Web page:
Energy Performance Certificates

What is an Energy Performance Certificate (EPC)

A government legal requirement, an Energy Performance Certificate (EPC) is required if you are looking to rent or sell a building or property.

Who needs one?

All commercial, non-domestic properties require an Energy Performance Certificate when a building is sold or rented. The energy rating is often used by tenants or potential buyers to compare properties; the better the rating the greater the likelihood of renting or selling it is. With the EPC comes a Recommendation Report outlining potential savings opportunities and how the building's energy performance could be improved. This may be critical as regulation becomes ever greater.

EPC Calculations

The government approved software for creating an EPC rating is SBEM (Simplified Building Energy Model). An Energy Assessor will input data following an on-site inspection, which generates a rating from 'A' to 'G', where 'A' is the optimum rating. The EPC calculation assesses a building's energy and carbon emissions based upon a created notional building and compares the geometry, construction and fixed services (heating, cooling, ventiliation and lighting) to produce said rating. Building's with higher ratings i.e., 'A' are more likely to be rented or sold.

What happens once the EPC has been Generated?

The EPC report is lodged with the central Landmark register for either England & Wales, Scotland or Ireland (subject to where the building is) on completion and allocated a unique 24 digit Report Reference Number (RRN). A Commercial EPC and Recommendation Report is then provided for the commercial property in question.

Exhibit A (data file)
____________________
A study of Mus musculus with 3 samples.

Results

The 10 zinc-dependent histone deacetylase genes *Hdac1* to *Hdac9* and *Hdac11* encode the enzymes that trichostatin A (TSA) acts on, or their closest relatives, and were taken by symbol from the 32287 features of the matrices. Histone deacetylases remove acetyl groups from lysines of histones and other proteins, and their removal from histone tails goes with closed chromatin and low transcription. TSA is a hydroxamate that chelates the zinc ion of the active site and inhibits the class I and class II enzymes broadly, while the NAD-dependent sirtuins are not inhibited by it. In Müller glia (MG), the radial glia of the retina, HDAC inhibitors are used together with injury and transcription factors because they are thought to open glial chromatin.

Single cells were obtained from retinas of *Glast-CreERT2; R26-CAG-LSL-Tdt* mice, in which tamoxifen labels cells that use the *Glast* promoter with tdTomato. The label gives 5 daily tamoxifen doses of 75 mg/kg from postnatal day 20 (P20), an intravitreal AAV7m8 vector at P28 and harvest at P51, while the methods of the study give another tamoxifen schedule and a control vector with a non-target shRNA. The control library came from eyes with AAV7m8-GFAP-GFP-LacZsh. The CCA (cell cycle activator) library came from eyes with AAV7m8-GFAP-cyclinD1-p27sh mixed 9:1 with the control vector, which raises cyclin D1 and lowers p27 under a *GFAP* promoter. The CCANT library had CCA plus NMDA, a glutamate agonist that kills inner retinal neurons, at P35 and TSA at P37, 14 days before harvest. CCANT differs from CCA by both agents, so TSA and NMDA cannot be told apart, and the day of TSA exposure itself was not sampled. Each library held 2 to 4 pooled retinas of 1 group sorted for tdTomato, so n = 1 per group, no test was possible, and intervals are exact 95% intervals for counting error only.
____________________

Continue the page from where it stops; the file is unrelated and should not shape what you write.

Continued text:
Failure to have a valid EPC

If the owner of the building is unable to produce a valid up-to-date EPC, then a fine by Trading Standards can be issued anywhere between £200 to £5,000 per property, depending on the rateable value of the building in question. Clearly, it is critical that a valid EPC is in place!

EPC Exemptions

Regulations do not apply to all buildings; for the purposes of the Regulations, a building is defined as “a roofed construction having walls, for which energy is used to condition the indoor climate”.

Regulations also will not apply where the property in question falls into one of the following categories:

  • Places of worship (not however connected offices if present).
  • Temporary structures with a planned time of use of 2 years or less.
  • Non-residential agricultural buildings with low energy demand(s).
  • Stand-alone properties with a useable floor area of less than 50m2.
  • Properties due for demolition with a demolition order in place.
  • If it can be demonstrated that the building is to be demolished and redeveloped as set out in the Regulations.